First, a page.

The Solar wind Magnetosphere Ionosphere Link Explorer (SMILE) is a Chinese Academy of Science (CAS) and European Space Agency (ESA) collaborative science mission designed to study the interaction between the solar wind and Earth's magnetosphere, and the geospace dynamics that result, comprising a fundamental aspect of heliophysics. Primary goals are investigating the dynamic response of the Earth’s magnetosphere to the solar wind impact via simultaneous in situ solar wind/magnetosheath plasma and magnetic field measurements, X-Ray images of the magnetosheath and magnetic cusps, and UV images of global auroral distributions. Imaging of the magnetosphere and auroras for more than 40 hours continuously from a highly elliptical northern orbit.

Mission Profile

Baseline orbit: perigee~5000km, apogee~19 Earth radii, inclination ~73°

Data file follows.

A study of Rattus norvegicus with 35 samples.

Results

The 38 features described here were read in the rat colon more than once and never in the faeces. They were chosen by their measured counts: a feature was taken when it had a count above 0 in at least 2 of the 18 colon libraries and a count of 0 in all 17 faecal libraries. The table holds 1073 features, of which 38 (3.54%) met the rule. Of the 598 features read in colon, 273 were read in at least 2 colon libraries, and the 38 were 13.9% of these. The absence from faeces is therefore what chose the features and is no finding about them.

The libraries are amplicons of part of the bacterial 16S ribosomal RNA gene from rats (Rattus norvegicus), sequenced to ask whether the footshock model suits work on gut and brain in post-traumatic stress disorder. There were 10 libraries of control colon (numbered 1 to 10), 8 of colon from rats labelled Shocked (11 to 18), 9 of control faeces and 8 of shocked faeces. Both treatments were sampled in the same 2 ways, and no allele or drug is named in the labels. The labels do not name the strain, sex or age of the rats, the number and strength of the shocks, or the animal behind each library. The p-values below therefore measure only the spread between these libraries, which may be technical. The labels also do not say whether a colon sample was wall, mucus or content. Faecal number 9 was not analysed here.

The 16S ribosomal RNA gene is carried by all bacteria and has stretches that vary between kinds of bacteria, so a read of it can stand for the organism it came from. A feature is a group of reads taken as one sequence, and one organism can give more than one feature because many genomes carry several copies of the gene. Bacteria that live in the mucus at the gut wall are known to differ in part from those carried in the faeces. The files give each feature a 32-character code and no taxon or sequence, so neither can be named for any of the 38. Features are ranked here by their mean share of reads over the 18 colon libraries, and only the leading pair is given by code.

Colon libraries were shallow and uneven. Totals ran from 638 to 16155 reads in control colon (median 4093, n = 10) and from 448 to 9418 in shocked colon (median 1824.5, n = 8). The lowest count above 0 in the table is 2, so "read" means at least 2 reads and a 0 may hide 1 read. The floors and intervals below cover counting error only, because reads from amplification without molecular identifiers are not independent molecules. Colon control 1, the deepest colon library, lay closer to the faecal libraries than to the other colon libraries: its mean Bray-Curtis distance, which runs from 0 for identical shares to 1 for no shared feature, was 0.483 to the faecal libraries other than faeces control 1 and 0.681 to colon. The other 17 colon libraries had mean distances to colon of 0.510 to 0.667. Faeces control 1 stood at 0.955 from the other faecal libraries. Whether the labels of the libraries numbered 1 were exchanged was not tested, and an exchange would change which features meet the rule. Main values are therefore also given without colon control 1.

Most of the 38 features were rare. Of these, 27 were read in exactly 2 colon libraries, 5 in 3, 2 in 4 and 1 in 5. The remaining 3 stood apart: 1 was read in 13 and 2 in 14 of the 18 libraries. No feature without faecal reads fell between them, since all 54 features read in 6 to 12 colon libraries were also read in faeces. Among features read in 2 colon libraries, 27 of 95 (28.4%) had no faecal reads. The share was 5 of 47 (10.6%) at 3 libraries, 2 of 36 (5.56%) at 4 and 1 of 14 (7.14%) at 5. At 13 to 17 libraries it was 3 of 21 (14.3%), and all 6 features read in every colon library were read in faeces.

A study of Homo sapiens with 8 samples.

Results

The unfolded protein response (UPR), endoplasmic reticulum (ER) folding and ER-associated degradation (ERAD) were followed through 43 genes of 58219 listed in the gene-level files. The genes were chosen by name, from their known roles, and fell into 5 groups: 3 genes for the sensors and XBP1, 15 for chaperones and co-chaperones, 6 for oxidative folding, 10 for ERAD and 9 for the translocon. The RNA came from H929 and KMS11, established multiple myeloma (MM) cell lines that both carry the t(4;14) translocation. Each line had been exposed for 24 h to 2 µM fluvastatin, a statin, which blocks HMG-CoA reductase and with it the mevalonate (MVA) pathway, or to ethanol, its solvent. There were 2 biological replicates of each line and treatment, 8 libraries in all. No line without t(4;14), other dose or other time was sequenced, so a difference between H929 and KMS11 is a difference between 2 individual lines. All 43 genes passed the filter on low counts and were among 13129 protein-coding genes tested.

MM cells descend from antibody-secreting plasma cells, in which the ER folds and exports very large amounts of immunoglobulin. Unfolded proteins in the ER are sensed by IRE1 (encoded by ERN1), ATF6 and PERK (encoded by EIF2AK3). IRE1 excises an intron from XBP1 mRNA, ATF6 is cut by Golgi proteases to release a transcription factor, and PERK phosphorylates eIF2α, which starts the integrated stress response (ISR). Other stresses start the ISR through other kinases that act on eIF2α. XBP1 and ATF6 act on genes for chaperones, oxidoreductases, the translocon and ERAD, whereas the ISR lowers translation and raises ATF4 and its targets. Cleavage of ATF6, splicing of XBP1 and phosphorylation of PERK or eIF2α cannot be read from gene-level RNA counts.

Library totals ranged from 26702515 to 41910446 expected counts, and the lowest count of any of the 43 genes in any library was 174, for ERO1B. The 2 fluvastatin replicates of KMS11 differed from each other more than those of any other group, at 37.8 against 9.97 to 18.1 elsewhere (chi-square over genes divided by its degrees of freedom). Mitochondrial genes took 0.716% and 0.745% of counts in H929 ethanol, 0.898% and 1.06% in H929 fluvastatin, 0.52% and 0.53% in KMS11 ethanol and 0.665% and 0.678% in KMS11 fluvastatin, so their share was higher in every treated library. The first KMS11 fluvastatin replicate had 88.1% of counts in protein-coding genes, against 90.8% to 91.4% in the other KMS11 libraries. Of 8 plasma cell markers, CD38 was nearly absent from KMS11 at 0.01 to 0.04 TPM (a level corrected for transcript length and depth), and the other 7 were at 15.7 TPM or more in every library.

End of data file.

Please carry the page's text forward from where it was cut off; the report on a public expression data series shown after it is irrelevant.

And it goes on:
Launch: 2025

Launcher: Vega-C

Nominal mission duration: 3 years

The SMILE mission carries a suite of state-of-the-art scientific instruments enabling novel investigations.

Key payloads are:

Soft X-ray Imager (SXI): map the Earth's magnetopause, magnetosheath and magnetospheric cusps;

Ultraviolet Imager (UVI):  image Earth's northern auroral regions.

Light Ion Analyser (LIA): In-situ monitoring of the solar wind and magnetosheath plasma.

MAGnetometer (MAG): In-situ monitoring of the interplanetary and magnetosheath magnetic field.


The SMILE international consortium includes CAS, ESA, as well as major institutions in several European countries, Canada and USA partners.

Figure1.:SMILE spacecraft 3D model during the phase 0 study.

Figure2: The SMILE platform (PF) in launch configuration.